Annually, the ABA Journal compiles a list of “Legal Rebels” (A New Wave of Legal Rebels), in the words of the publication “celebrating those women and men who are remaking their corners of the legal profession”. The first two individuals’ achievements relate directly to legal information management, a topic close to our hearts here at Priory Solutions.
First mentioned in this year’s list is law librarian Sara Glassmeyer, now researcher at the Harvard Library Innovation Lab. Earlier this year we published an article, Dewey B Strategic: Free Legal Information is Not “Risk Free” featuring Sara Glassmeyer’s report “The State Legal Information Census: an analysis of primary state legal information”. It is this work that contributed to Sarah’s inclusion on the list. As quoted in the article, Sarah “really hope[s] that in 20 years, everything will be digitally published for free.” We’re sure this sentiment is shared by the majority of the people reading this article.
Also on the list of this year’s rebels is Jimoh Ovbiagele of Ross Intelligence, who is revolutionising legal research through AI, a hot topic at this year’s legal tech conferences, including ILTACON. ABA Journal said of Ovbiagele – clients were increasingly reluctant to pay high prices for legal research, despite so desperately relying on it. His solution was to introduce the rising power of AI in an effort to lower costs. “Ovbiagele doesn’t see people using Ross as a way to get legal help without hiring a lawyer, but he does think the service will allow legal services to be delivered at a more affordable price.”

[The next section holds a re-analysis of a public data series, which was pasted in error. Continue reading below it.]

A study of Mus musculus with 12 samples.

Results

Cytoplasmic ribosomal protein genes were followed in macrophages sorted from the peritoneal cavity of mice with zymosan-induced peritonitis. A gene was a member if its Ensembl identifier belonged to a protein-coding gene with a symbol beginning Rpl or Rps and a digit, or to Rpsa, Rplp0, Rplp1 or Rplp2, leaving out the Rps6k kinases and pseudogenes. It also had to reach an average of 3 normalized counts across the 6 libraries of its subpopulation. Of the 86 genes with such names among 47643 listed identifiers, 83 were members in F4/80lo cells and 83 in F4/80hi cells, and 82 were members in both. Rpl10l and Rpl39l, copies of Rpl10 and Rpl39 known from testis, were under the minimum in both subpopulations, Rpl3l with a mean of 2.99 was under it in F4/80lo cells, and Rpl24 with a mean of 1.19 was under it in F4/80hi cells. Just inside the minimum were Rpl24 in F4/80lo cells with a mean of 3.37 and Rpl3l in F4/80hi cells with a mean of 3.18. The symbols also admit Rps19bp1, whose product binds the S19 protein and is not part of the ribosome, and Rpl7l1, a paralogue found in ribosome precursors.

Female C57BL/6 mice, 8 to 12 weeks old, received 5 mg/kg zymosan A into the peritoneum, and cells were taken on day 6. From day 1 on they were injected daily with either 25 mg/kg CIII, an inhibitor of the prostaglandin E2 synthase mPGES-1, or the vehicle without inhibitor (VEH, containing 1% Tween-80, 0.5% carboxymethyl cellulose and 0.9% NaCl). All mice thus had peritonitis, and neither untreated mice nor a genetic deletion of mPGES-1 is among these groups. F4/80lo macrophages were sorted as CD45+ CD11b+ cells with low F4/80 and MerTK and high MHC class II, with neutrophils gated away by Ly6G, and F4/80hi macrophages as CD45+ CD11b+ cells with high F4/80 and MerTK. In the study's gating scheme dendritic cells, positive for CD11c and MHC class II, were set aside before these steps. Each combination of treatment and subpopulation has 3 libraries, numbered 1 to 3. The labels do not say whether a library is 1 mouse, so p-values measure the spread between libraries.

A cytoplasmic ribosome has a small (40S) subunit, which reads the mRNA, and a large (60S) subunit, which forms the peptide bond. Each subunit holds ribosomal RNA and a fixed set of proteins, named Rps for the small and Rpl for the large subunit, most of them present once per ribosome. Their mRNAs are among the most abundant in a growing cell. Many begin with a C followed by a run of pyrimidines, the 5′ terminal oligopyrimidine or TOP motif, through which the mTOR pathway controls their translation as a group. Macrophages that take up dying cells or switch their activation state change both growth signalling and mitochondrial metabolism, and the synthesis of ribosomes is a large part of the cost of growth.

“How do you handle large volumes of [electronically stored information] where there are only one or two associates on a matter and you’re not big on outsourcing to contract attorneys?” asked Maura Grossman, another of ABA’s Legal Rebels. Grossman is co-author of “Technology-Assisted Review in E-Discovery Can Be More Effective and More Efficient Than Exhaustive Manual Review”. In 2014, Grossman and her now fiancé Gordon Cormack published another paper, “Evaluation of Machine-Learning Protocols for Technology-Assisted Review in Electronic Discovery,” or TAR 2.0. This publication focussed on the necessity of continually tweaking the algorithm of your review process by engaging in active learning during e-Discovery. Grossman spoke out on the inefficiencies of traditional methods of e-Discovery.